Emissions of planet-warming greenhouse gases from activities connected to growing and consuming food have been significantly underestimated, and may be twice as large as previously thought, new research finds.

Why it matters: Agriculture is already known to be one of the largest contributors to human-caused global warming. If the sector's emissions are larger than thought, it could mean the world will see more warming than anticipated.

Driving the news: Through a series of research reports and commentary published in the journal Environmental Research Letters on Tuesday, scientists mapped out which parts of the food system are the most emissions intensive, which provides a blueprint for prioritizing emissions reduction efforts.

  • The analysis of global food system emissions finds that activities connected to food production and consumption -- everything from chopping down forests to clear land for cattle to transporting food from a farm to the grocery store, amounted to the equivalent of 16 billion metric tons of carbon dioxide in 2018.
  • This was one-third of the human-produced total that year, with the majority coming from the burning of fossil fuels for energy. It was also an increase of about 8% compared to 1990.
  • The analysis, which includes country-specific emissions inventories, was produced by scientists at the U.N. Food and Agriculture Organization, NASA, New York University, and Columbia University.

The findings: The study looks at all emissions linked to the life cycle of food, from growing it to putting it on your plate. It therefore considers emissions from food-adjacent activities.

  • Researchers found that the largest source of food system-related emissions between 1990-2018 was converting natural ecosystems to agricultural croplands or pastures, at about 3 billion metric tons per year.
  • During the 1990 to 2018 study period, land use change emissions decreased while pre- and post-production emissions, which includes making fertilizers, transporting food, disposing of waste, as well as refrigeration, increased.
  • Per capita emissions from food systems emissions decreased during the study period, but was nearly twice as high in developed countries as they were in the developing world.
  • In total, global emissions of greenhouse gases that are connected to the food sector may comprise between 20 to 40% of global emissions, the study found.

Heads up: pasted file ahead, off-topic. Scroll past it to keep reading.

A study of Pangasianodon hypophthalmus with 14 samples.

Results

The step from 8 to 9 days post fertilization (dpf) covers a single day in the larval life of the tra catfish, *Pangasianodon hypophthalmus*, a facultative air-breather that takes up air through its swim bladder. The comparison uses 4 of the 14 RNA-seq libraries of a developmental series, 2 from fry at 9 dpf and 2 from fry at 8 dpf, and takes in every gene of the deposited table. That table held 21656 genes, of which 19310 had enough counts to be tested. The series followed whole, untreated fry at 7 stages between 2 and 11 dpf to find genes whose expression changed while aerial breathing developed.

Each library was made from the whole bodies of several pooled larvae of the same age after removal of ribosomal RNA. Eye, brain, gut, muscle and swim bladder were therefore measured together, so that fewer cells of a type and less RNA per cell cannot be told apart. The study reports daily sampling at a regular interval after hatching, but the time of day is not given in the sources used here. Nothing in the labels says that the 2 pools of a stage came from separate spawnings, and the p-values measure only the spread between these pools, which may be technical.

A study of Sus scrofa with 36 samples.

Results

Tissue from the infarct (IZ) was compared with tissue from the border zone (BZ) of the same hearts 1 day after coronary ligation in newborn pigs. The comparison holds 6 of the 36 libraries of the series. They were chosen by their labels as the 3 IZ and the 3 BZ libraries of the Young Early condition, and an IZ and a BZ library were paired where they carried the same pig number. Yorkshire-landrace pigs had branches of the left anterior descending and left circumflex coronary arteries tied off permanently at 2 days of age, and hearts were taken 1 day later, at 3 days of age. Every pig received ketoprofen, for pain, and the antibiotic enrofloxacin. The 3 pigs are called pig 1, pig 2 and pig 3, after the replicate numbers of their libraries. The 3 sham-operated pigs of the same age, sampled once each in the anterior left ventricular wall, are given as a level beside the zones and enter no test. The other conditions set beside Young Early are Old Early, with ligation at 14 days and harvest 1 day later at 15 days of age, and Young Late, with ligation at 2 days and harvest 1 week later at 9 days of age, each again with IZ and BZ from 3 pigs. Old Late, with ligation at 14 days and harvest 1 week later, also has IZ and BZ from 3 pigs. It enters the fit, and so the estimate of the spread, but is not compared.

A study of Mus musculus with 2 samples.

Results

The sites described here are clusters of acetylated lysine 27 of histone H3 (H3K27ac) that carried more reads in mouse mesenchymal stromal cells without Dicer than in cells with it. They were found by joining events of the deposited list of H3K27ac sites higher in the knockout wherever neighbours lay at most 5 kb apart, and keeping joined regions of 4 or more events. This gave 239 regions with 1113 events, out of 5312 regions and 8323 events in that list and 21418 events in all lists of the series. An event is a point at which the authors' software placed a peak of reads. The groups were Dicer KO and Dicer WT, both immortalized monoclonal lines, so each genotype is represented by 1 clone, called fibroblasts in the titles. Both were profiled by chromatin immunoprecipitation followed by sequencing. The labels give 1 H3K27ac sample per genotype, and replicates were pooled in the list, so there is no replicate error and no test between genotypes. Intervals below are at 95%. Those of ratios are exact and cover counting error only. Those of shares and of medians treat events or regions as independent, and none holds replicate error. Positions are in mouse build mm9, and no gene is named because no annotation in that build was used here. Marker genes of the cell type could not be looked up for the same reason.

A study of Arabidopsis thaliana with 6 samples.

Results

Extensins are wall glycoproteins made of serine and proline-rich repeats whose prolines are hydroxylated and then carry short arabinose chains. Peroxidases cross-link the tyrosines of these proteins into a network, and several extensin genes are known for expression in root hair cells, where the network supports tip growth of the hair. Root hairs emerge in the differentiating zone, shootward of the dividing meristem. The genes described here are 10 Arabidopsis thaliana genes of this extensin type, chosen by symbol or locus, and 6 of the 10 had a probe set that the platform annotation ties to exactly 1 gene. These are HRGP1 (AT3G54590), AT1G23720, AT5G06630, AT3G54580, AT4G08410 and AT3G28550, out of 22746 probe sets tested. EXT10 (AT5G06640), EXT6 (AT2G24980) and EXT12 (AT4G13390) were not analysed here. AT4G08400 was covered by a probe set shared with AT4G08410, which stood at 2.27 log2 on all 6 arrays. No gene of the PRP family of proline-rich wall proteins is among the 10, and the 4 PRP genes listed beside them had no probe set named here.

Of note: The emissions categories that countries use to report their data to the U.N. Intergovernmental Panel on Climate Change (IPCC) tends to significantly underestimate the contribution of food sector emissions by stove piping information and obscuring the broader impacts of the food sector, the researchers note.

  • The next IPCC report, which will start rolling out in August, may suffer from the same problem.

The bottom line: While the recent attention focused on the consumption of meat has made it seem like supply-side interventions are all that is needed, the reality is more complicated.

  • There are a variety of other emissions interventions that scientists say should be used to help limit the pace and severity of global warming, including, for example, improving the disposal of farm wastes and making food supply chains more efficient.

Go deeper

1 in 5 Latino households had to skip meals in 2020, report finds

A volunteer at a food bank in Santa Barbara County, Calif., fills up a car with groceries in April. Photo: Daniel Dreifuss/Bloomberg via Getty Images

One in five Latino households with children in the U.S. had to skip meals during 2020, according to data from the U.S. Department of Agriculture.

State of play: Latino and Black households were more likely not to have enough to eat during 2020 than they were in 2019, per USDA’s annual Household Food Security report.

Survey reveals public doubts about climate action before UN summit

Expand chart
Data: Pew Research Center; Chart: Jared Whalen/Axios

New polling indicates pervasive doubts among people in 17 advanced economies about whether China and the U.S. — the world’s two largest carbon emitters — will take meaningful steps to fight climate change.

Why it matters: The Pew Research Center survey released ahead of a critical United Nations climate summit in just over six weeks reveals public skepticism over whether multilateral negotiations will succeed in confronting the problem.

Ben Geman, author of Generate
Sep 15, 2021 - Energy & Environment

A wrinkle in Europe's climate policy debate

Illustration: Aïda Amer/Axios

Surging European natural gas and power prices are spilling into the debate over European Unions' plans to implement a suite of aggressive climate policies.

Driving the news: "Had we had the Green Deal five years earlier, we would not be in this position because then we would have less dependence on fossil fuels and on natural gas," Frans Timmermans, a top European Commission official on climate, told a European Parliament meeting Tuesday.